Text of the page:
Adapting, Adopting, and “Adepting” With MIGS

Growing up the son of a radiologist, I was always impressed by the constant need for a physician to self-educate throughout his or her career. Magnetic resonance imaging, computed tomography, and the entire field of interventional radiology did not exist when my father (who is still in practice) finished his radiology residency.

In ophthalmology, including my subspecialty of glaucoma, our field is constantly being peppered with technological evolutions and revolutions that should keep physicians on their toes. Furthermore, we strive not merely to keep up with (adopt) new technology but rather to master it (become adept) and incorporate it into our own treatment algorithms (adapt). In some cases, this process involves combining several new techniques or even creating our own novel procedures. To learn more about how busy glaucoma and cataract docs adapt to new technology, I asked a few of my colleagues from the Vanguard Ophthalmology Society how they approach new surgical options.

I began by asking Hylton Mayer, MD, a glaucoma specialist at the Eye Doctors of Washington, Washington, DC, why our field needs to move forward. Dr. Mayer explained, “The inherent limitations to traditional glaucoma therapies: topical IOP-lowering medications, laser trabeculoplasty, and traditional incisional surgeries, have driven the development and application of microinvasive glaucoma surgeries (MIGS). Topical medications depend on patients’ compliance with often-complex dosing regimens, and these agents also require the successful instillation of drops, a significant challenge for many patients (often older patients in particular, who have vision loss or other comorbidities such as arthritis). Numerous reports have identified significant deficiencies in medication persistence and appropriate instillation technique, limiting the ‘real-world’ efficacy of topical IOP-lowering medications.”

Dr. Mayer went on to explain that traditional incisional surgeries, trabeculectomy, and glaucoma drainage devices, can definitively control glaucoma, but they have well-known risks, including the potential for vision loss from hemorrhage, hypotony, and infection. “The newer MIGS procedures’ favorable risk-benefit profile should shift practice patterns to promote earlier surgical intervention when IOP control, medication side effects, or medication persistence and utilization are problematic.”

Although some argue that MIGS procedures should avoid tissue destruction and that coagulative (endocyclophotocoagulation) or ablative (Trabectome, NeoMedix Corporation) procedures may not be MIGS, many would consider the iStent Trabecular Micro Bypass (Glaukos Corporation), endocyclophotocoagulation, and Trabectome to fall safely within the MIGS category. The iStent procedure is performed in conjunction with cataract surgery and uses a microstent (the smallest FDA- approved device in medicine) to bypass aqueous outflow resistance at the trabecular meshwork. The iStent is placed into Schlemm canal through the view afforded by a gonioprism.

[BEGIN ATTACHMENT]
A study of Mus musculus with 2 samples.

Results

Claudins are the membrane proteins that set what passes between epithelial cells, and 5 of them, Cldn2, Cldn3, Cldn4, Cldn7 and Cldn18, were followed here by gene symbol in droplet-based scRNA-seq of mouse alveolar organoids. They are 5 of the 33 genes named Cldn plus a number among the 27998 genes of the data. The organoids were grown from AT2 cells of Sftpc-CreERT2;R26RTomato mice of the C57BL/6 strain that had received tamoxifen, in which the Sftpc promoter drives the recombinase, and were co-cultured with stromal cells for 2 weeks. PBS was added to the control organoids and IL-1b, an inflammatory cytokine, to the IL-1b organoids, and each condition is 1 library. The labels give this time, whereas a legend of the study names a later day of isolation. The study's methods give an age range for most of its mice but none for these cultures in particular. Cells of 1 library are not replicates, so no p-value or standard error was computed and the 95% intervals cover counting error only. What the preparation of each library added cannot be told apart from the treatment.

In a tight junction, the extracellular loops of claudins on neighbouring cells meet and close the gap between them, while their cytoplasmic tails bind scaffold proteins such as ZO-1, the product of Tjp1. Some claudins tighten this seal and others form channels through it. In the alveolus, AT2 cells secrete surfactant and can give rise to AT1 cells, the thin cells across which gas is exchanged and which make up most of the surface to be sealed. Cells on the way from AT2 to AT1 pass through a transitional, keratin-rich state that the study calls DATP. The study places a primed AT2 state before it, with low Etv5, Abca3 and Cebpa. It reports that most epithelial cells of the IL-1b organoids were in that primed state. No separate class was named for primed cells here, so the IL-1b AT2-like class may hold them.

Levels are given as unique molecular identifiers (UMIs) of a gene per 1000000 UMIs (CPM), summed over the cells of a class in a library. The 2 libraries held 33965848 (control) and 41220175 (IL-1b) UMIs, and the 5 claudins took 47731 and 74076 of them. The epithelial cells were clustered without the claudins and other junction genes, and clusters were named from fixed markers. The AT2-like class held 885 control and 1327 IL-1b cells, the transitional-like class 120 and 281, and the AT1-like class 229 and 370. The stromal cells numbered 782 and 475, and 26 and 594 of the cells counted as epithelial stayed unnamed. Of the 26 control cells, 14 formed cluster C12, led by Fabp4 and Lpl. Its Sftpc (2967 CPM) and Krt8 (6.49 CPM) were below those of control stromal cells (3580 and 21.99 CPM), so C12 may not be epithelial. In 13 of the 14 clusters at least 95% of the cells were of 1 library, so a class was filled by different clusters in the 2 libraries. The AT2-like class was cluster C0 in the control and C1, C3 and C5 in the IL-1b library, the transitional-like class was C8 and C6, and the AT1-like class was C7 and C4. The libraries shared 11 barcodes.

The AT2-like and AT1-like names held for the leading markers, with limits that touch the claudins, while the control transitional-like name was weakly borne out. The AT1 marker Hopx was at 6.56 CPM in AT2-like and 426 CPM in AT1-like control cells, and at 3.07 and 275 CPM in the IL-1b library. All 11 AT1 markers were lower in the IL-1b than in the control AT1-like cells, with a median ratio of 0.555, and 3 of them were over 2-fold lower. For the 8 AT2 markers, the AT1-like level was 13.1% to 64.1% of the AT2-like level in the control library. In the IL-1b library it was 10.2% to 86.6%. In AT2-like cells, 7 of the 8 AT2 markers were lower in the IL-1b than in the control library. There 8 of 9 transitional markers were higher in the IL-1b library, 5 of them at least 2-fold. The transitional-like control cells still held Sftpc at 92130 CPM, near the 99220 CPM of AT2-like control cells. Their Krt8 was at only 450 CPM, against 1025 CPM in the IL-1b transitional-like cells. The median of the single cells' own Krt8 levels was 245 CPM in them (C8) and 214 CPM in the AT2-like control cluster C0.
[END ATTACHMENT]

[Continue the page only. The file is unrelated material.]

John Berdahl, MD, at Vance Thompson Vision in Sioux Falls, South Dakota, has a busy refractive cataract surgical practice, but he also serves the needs of many patients with glaucoma. To meet the needs and expectations of his patients, he developed a combination of refractive laser-assisted cataract surgery (they call it ReLacs) and iStent implantation.

According to Dr. Berdahl, “The advent of laser-assisted cataract surgery and the iStent have provided us a unique opportunity to use an innovative surgical approach that allows cataract patients to be less dependent on their glasses while targeting mild to moderate glaucoma, all in one surgery.” Although cataract surgery itself may reduce IOP in many patients, Dr. Berdahl noted that the iStent’s implantation improves IOP control better than just cataract surgery while avoiding the large refractive changes associated with traditional incisional glaucoma surgeries. “One advantage of the iStent in combination with ReLacs is that the refractive predictability is similar to cataract surgery alone.”

In the accompanying video, I have provided a few tales from my adventure of adapting the iStent into my practice at Cornell. In order to adopt interoperative gonioscopy and the iStent, I relied on online videos, industry-sponsored didactic courses and wet labs, and of course, some help from my friends.

Adventures in adapting the iStent into practice.

Stay tuned for the next issue, where you will hear from Drs. Parag Parekh and Hylton Mayer about combining MIGS procedures and from Dr. Malik Kahook, who recently developed his own MIGS device.

Nathan M. Radcliffe, MD

Nathan M. Radcliffe, MD, is an Assistant Professor of Ophthalmology at Weill Cornell Medical College, New York-Presbyterian Hospital, New York. Dr.Radcliffe may be reached at (646)962-2020;drradcliffe@gmail.com.